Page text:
Microplastic befouls 57-mile stretch of tourist beaches on Sri Lankan coast

The southern coastline of Sri Lanka, which features popular beaches and resorts, is a draw for tourists visiting the country, but it turns out that the global plastic crisis could now endanger those once pristine locations, according to a new paper published recently in the Marine Pollution Bulletin.

Researchers found that along a 57-mile stretch of the Sri Lankan coastline, 60 percent of the sand samples and 70 percent of the surface water samples contained a high level of microplastics (MPs).

Lead author J.  Bimali Koongolla, a marine scientist at the University of Ruhana in Sri Lanka, noted:

“‘Microplastic waste is becoming a serious environmental problem in Sri Lanka, once considered an island state with unblemished pristine beaches. The seas are getting contaminated, and beyond environmental, this poses a severe health hazard as it impacts food chains.’

“She attributed the rising levels of microplastics in the seas and beaches to be poor waste management and an inability to break away from age-old littering practices.

“’The use of plastics is increasing non-biodegradable waste production. These plastics eventually get washed into the seas, polluting the very environment [local communities] depend on for sustenance.'”

Even more troubling was that while the recreational beaches had high levels of MPs, more remote stretches of beach and fishing ports  contained even higher amounts of both microplastic and other plastic debris.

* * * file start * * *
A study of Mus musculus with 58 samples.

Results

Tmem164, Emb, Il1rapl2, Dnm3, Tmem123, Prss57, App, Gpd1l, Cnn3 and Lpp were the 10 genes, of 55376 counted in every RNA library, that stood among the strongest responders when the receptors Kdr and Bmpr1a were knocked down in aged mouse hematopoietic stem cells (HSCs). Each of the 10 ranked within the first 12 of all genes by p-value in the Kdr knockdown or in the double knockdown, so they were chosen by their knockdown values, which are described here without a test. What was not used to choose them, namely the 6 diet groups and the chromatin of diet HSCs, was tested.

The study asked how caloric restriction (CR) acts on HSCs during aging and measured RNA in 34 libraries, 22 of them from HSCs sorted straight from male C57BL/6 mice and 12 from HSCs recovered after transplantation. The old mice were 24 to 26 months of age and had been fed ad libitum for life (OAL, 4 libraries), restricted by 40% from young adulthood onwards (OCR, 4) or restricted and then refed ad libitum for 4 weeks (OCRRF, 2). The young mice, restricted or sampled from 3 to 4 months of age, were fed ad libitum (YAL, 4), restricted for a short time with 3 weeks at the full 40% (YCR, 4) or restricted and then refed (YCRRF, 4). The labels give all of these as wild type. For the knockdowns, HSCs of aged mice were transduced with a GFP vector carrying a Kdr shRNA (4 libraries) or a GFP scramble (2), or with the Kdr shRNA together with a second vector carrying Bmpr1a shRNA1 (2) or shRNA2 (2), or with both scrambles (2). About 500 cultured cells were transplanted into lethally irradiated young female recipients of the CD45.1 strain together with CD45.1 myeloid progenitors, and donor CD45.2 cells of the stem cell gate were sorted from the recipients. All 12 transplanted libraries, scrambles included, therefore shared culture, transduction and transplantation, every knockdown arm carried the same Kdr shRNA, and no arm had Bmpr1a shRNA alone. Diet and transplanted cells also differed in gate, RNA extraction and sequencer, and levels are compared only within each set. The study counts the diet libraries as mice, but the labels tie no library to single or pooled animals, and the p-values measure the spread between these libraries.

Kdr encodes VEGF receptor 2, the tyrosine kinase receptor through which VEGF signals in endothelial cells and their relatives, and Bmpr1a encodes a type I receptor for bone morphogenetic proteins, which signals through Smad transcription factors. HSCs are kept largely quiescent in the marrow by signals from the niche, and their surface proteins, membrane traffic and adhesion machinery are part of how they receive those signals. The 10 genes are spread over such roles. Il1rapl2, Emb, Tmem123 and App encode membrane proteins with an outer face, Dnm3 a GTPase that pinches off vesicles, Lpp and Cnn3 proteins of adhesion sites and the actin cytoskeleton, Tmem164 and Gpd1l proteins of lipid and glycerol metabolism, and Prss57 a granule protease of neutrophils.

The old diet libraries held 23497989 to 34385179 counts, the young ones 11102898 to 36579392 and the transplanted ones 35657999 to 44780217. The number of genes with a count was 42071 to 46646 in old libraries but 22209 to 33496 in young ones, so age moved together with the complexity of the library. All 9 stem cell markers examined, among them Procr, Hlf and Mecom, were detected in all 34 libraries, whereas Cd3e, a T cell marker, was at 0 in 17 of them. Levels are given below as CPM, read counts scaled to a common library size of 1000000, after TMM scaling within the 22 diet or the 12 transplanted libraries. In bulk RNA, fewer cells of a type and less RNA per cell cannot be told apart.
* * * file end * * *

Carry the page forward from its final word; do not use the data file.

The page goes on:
Additionally, while tourist beaches are routinely cleaned, that process only serves to emebed the MPs deeper in the sand, meaning they remain and contaminate the area.

Tourism continues to flourish in Sri Lanka, Koongolla added, but proper waste management practices have not yet been implemented:

“[The] South has traditionally had a high density of tourist activity, along its coast. While we cannot confirm if any MP samples we collected originated in the sea from fisheries or commercial vessels or on land, we can confirm that these beaches are used heavily due to increased tourist activity and tend to leave a lot of visible plastic debris.”

Ultimately, however, the source of the microplastics must be located, according to Professor Koongolla:

“Once we narrow down the localities that are particularly polluting, it is easier to introduce waste management initiatives and to take other preventive action. These can vary from restriction of single-use plastics to having better recycling centers.”

Across the globe, plastic debris is accumulating and polluting everything from the soil we plant in to the water we drink. The problem is getting worse and must be dealt with immediately.